The future is here

Electronic notaries in Texas

by Tim Herriage

The future is here

Electronic notaries in Texas

by Tim Herriage

by Tim Herriage

This weekend, Our SVP Richard Weeks was reading the Tierra Grande (Texas A&M Real Estate Center‘s publication which highlights real estate research and addresses issues of interest to real estate professionals and consumers alike) and told me about the Texas law that goes into effect July 1, 2018.  You’ll be able to get documents notarized from home, in your underwear if your prefer.  Or, perhaps, a beach in South America?  Regardless, it is surely a game changer in document execution.  Year ago, I argued that I couldn’t imagine a bank being willing to accept such an instrument, I guess I was wrong again. Developments like this continue to make it more likely I can run my real estate business from my Ranch one day, which is the end goal.

You can download the entire article here, or read it online here.  Below are some excerpts:

Sign Here . . . From There

New Online Notarization Law

Until now, though, documents required to be notarized injected inconvenience and delay into an otherwise routine transaction. A new development in Texas law will allow Texans—and others—to complete notarized documents without even taking off their Dearfoams. H.B. 1217, which takes effect July 1, 2018, introduces online notarization to Texas.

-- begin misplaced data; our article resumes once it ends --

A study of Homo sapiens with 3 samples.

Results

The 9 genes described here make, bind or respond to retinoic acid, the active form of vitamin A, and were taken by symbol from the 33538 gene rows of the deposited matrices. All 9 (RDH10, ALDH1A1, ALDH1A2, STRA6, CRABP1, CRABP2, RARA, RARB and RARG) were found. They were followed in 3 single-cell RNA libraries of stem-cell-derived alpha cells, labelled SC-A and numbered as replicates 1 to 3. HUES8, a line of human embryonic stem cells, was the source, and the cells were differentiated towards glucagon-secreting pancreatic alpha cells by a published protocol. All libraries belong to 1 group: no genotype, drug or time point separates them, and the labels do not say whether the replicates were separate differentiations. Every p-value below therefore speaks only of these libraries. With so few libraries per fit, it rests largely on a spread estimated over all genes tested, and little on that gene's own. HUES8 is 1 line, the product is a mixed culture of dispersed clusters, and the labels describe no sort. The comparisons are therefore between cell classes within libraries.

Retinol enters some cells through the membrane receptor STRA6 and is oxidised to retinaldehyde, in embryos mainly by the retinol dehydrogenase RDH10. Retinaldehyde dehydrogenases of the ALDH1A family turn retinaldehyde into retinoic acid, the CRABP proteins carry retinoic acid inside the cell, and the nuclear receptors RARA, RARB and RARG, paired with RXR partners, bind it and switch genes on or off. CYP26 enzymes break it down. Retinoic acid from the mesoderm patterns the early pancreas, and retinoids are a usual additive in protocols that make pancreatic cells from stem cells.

The new law, most of which is now codified in Chapter 406, Subchapter C, creates a separate class of notary public. That is, there are now “regular notaries” (Subchapter A) and “online notaries” (Subchapter C).

 

Online notarizations must be conducted by two-way video and audio conference technology that satisfies the standards set by the secretary of state.

 

The notary may charge the same fees as a regular notary plus an additional $25 online notary charge. The fee must be included in the record.

 

Records of online notarizations must be maintained for at least five years, whereas a regular notary’s record must be kept for three years or until the notary’s commission expires, whichever is longer.

 

So, if your real estate professional asks you to open your email, read and electronically sign the attachment, and return it with your electronically notarized signature (on a federal holiday, no less), he’s not flashing back to his previous career in international espionage. He’s just keeping up with the times.